Kevin Appel, Salton Sea (green rug), 2012, acrylic, oil, and UV cured ink on canvas over panel, 77 x 66 inches (courtesy of Susanne Vielmetter Los Angeles Projects, Photo credit: Robert Wedemeyer)
Geoff Tuck reviews the exhibition Kevin Appel, Paintings at Susanne Vielmetter, Los Angeles, on view through August 23, 2012.
"There is a photographic base to these paintings – Appel takes pictures of landscapes ('in the landscape,' the artist says) and he mechanically applies them to treated canvas and then by hand he paints over them. (Here I want to keep in mind the insubstantial nature of photographic images.)... looking at Salton Sea (heap), I find black, oily smears, these are veined as though they are spreading or are under pressure. (There are such colored smears on several paintings in the show.) The smears remind me of chemical mishaps that might be experienced using Polaroid cameras, when the developer would squeeze out of the pouch across the photo print. Appel’s paintings, which were begun in the camera, make reference to the photographic process again and again."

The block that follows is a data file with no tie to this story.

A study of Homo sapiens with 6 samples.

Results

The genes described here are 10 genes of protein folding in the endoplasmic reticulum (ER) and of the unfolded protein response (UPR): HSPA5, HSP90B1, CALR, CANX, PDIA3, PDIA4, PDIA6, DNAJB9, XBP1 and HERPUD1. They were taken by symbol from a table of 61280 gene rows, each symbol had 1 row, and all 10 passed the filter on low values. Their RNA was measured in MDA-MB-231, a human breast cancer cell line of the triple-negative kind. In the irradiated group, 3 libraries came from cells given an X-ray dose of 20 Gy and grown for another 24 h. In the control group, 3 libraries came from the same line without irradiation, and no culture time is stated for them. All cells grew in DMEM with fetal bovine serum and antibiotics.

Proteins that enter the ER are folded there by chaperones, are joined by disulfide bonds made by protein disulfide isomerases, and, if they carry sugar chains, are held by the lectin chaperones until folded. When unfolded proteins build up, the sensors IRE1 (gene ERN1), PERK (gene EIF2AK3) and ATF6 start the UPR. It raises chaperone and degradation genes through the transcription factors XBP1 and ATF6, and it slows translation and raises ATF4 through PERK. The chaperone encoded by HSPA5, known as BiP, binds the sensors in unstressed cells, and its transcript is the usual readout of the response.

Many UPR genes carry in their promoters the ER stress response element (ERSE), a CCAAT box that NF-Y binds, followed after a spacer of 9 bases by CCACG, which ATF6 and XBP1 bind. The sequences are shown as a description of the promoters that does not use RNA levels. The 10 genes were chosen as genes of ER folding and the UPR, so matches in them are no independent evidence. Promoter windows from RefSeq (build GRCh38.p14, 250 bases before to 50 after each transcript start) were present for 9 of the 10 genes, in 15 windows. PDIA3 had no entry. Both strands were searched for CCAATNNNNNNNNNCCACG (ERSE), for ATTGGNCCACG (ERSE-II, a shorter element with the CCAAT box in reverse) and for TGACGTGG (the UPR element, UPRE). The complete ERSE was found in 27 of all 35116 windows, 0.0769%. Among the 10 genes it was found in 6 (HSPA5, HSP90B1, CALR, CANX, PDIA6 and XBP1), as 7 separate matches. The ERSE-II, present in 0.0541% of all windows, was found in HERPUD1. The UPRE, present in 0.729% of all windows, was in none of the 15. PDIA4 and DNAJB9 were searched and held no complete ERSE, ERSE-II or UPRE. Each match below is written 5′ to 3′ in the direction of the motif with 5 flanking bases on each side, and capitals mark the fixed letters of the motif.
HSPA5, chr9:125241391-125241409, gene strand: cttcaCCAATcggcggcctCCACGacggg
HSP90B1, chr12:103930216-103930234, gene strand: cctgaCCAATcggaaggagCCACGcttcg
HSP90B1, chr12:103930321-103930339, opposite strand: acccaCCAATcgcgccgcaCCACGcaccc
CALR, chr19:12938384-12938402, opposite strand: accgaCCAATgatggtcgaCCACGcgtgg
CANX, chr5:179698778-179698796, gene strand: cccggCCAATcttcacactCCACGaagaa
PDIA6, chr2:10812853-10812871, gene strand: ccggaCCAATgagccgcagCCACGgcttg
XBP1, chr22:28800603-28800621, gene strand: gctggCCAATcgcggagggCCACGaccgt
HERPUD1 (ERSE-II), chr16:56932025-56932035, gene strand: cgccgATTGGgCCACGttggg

Richard J. Goldstein looks at the recent work of Stephen Posen which merges painting and photography.
Goldstein writes: "Access and memory are two words that come to mind when viewing Posen’s work. His initial question of communication in turn became one of recognition. How does the viewer comprehend recognizable space through added layers of concealment? This comprehension is all about access to the recognizable ground which, when visually obstructed, relies upon memory and intuition to complete the picture... Through the years, the strategies may have changed but the game is still the same for Posen: how one accesses meaning in the languages of paint and photography via memory."
Hammersley discusses his general thoughts on painting as well as the specifics and development of his practice, including what he calls painting by "hunch" or intuition: "You put down a shape and they just lie there, and then you make a movement and it comes alive. I've never quite understood that, but it's marvelous. The shapes have attitudes and the painting just clicks."
Edited by artist Brett Baker, Painters' Table highlights writing from the painting blogosphere as it is published and serves as a platform for exploring blogs that focus primarily on the subject of painting.